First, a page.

FICO, VantageScore stand against FHFAÕ delay of new credit score model

Brings confusion, disappointment to mortgage market

The Federal Housing Finance Agency announced Monday it is postponing its search for alternative credit scoring models, but both FICO and VantageScore expressed their disappointment with the agency’s decision.

The FHFA announced it is postponing its decision for a new credit score model for Fannie Mae and Freddie Mac, and will instead be shifting its focus to implementing section 310 of S. 2155, the Economic Growth, Regulatory Relief and Consumer Protection Act, which passed into law in May.

The credit score models being analyzed were Classic FICO, FICO 9 and VantageScore 3.0. This search first began nearly four years ago when Freddie Mac first told HousingWire the GSEs were looking into alternatives to FICO.

And while FICO and VantageScore have been locked into an intense competition while the FHFA makes its decision, they both agreed on one thing – the postponement is disappointing.

“After five years of examination and three years of inclusion in its 2018 GSE Scorecard, it is disappointing to learn that FHFA will not meet the deadlines prescribed by Congress to implement a system that will bring the benefits of competition to the mortgage market,” VantageScore President and CEO Barrett Burns told HousingWire. “Model validations and an industry comment period have already occurred and therefore FHFA should move ahead more expeditiously.”

“With every day that passes, mortgage applicants are mispriced, locked out and discouraged from pursuing homeownership,” Burns said. “We look forward to continue working with the FHFA and the Enterprises to implement more modern, precise and inclusive scoring models consumers deserve.”

FICO also expressed its disappointment, calling the delay “unfortunate.”

“It is unfortunate there’s been a delay to the review process,” Joanne Gaskin, FICO senior director of scores and analytics said in a statement to HousingWire. “We continue to support a competitive review of credit scoring and plan to actively participate in the new FHFA credit score application process, to ensure that lenders, consumers and taxpayers benefit from the independence, reliability and innovation that the FICO Score provides.”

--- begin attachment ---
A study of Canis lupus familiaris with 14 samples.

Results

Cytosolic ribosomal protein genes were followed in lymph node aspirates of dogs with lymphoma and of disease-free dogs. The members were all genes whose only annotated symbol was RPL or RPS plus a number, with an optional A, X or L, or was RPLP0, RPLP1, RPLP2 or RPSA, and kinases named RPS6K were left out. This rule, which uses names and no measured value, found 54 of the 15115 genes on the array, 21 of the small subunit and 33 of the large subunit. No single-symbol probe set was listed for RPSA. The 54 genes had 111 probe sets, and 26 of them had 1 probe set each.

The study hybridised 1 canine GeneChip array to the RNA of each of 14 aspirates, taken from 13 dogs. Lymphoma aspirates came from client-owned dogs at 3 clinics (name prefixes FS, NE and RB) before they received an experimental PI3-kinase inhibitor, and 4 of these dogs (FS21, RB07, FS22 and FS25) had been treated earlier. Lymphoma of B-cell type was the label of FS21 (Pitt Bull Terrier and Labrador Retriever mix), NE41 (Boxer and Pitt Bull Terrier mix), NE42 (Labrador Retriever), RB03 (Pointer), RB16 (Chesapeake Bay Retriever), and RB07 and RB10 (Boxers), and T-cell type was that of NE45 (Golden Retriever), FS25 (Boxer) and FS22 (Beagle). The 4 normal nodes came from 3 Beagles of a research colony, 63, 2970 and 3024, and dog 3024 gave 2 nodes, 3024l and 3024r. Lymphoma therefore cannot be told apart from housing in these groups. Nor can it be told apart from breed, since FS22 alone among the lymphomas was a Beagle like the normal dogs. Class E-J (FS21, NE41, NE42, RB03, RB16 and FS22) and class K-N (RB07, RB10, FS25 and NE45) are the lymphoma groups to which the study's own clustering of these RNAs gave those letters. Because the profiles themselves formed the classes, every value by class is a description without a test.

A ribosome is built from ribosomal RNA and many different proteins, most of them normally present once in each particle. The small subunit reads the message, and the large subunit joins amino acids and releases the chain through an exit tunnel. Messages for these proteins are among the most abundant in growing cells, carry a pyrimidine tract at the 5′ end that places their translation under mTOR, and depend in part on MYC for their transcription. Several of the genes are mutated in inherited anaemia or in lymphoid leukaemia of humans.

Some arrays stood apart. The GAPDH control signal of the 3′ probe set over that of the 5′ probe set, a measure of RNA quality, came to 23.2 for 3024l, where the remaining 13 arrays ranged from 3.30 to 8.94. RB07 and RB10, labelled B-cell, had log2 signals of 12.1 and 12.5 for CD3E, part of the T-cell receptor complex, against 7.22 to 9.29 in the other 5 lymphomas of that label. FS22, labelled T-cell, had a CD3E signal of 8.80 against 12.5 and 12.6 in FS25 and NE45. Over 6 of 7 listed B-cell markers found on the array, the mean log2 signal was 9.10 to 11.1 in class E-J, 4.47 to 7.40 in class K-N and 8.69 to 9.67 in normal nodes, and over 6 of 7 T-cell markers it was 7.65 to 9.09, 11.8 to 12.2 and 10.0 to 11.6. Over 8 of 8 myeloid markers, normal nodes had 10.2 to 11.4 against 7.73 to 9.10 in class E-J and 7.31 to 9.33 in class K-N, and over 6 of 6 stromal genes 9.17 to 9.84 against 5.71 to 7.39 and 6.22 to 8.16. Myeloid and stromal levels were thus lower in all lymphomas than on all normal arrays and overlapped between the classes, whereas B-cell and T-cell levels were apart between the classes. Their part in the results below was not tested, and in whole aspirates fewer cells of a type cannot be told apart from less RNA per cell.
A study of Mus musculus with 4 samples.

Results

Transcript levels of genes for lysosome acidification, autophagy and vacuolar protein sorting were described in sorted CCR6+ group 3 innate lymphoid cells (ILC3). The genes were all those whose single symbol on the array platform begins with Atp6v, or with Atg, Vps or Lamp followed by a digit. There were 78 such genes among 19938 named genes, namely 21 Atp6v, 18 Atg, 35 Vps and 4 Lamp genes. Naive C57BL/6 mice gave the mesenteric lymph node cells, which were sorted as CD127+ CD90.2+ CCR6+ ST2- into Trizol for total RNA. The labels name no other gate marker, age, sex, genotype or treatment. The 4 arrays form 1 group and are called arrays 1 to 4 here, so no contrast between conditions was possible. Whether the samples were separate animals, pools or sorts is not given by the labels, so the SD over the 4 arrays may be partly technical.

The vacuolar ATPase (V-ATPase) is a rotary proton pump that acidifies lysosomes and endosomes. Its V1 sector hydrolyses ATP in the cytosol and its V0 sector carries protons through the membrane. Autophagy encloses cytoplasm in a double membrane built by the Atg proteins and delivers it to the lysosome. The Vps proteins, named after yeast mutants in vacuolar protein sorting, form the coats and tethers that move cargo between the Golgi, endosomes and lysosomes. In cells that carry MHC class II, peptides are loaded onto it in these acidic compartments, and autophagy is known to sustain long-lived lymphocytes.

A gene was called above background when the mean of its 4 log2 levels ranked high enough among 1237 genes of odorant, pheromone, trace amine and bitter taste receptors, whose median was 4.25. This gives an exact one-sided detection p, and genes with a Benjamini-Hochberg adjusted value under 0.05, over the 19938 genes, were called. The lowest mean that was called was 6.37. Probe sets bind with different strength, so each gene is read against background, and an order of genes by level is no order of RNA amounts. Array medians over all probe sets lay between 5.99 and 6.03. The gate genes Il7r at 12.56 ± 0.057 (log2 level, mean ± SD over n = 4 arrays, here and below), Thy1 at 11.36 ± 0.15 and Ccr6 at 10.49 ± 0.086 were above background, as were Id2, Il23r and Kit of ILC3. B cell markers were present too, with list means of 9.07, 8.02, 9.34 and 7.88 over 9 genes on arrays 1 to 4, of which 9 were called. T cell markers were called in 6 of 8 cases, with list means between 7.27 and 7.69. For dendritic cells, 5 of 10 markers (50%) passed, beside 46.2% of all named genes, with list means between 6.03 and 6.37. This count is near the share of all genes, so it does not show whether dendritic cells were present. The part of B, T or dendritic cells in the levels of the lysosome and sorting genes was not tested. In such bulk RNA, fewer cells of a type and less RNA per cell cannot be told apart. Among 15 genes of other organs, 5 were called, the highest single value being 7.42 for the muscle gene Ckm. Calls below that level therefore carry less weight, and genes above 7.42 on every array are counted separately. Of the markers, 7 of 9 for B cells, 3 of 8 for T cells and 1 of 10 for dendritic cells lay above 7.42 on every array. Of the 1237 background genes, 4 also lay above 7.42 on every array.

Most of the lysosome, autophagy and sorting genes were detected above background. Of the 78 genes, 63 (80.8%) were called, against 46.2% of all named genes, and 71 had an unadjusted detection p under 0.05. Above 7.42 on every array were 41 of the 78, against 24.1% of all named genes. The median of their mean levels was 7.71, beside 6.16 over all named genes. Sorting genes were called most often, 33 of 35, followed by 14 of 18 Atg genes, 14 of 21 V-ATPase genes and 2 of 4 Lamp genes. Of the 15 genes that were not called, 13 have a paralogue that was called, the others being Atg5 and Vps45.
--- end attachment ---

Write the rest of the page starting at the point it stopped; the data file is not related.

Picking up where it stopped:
But while it may be upset over the delay in choosing a new credit scoring model, VantageScore expressed its full support for S. 2155. Back in June, Burns wrote a blog outlining the company’s support for the newly passed legislation.

“This a great win for consumers, lenders, competition and, yes…for VantageScore as well,” Burns wrote. “All we ever wanted was the opportunity to compete with FICO on a level playing field and on the basis of how well our models perform.”

“I firmly believe that we’ll see new model developers enter the competition as well,” he continued. “With this legislation now signed into law, we are one giant step closer to making that happen in the mortgage market.”

The act requires FHFA to define, through rulemaking, the standards and criteria the government-sponsored enterprises will use to validate credit score models.

And indeed, the new law does call for the establishment of a validation process for multiple credit score models. Under section 310, Credit Score Competition, the law states that, “The corporation shall establish a validation and approval process for the use of credit score models.”

Depending on how the FHFA chooses to interpret the law going forward, it could allow for new competition and new entrants into the credit scoring market.

And even one of the senators responsible for pushing the act through Congress, Sen. Tim Scott, R-S.C., agreed that the current mortgage credit system needs more competition, and said the credit section of the act was designed to bring just that.

“The legislation has the word ‘competition’ in its title, and that’s the key: It was my intent that multiple, statistically sound credit scoring models could be used by the GSEs,” Scott said.

So while the delayed decision could mean FICO retains the monopoly on credit scoring for the GSEs for a while longer, ultimately, this law could soon allow for new entrants into the space.

The FHFA could also still choose from one of the original options was looking at. At this point, it’s anyone’s guess. But for now, the GSEs will continue to use an older version of FICO, which many argue keeps the credit box tight, and does not consider as many factors as newer credit scoring models.

Back in April, Gaskin wrote that, “The provision in the Senate legislation circumvents the FHFA’s current review process, which is nearing completion, and instead significantly delays any decision to update the scoring model used for conforming mortgages.”

Although the FHFA was nearing a conclusion, with expectations to announce its decision in 2018, its new shift in focus puts the process back in the beginning stages, and there is no clear deadline for when a new credit scoring model will be chosen.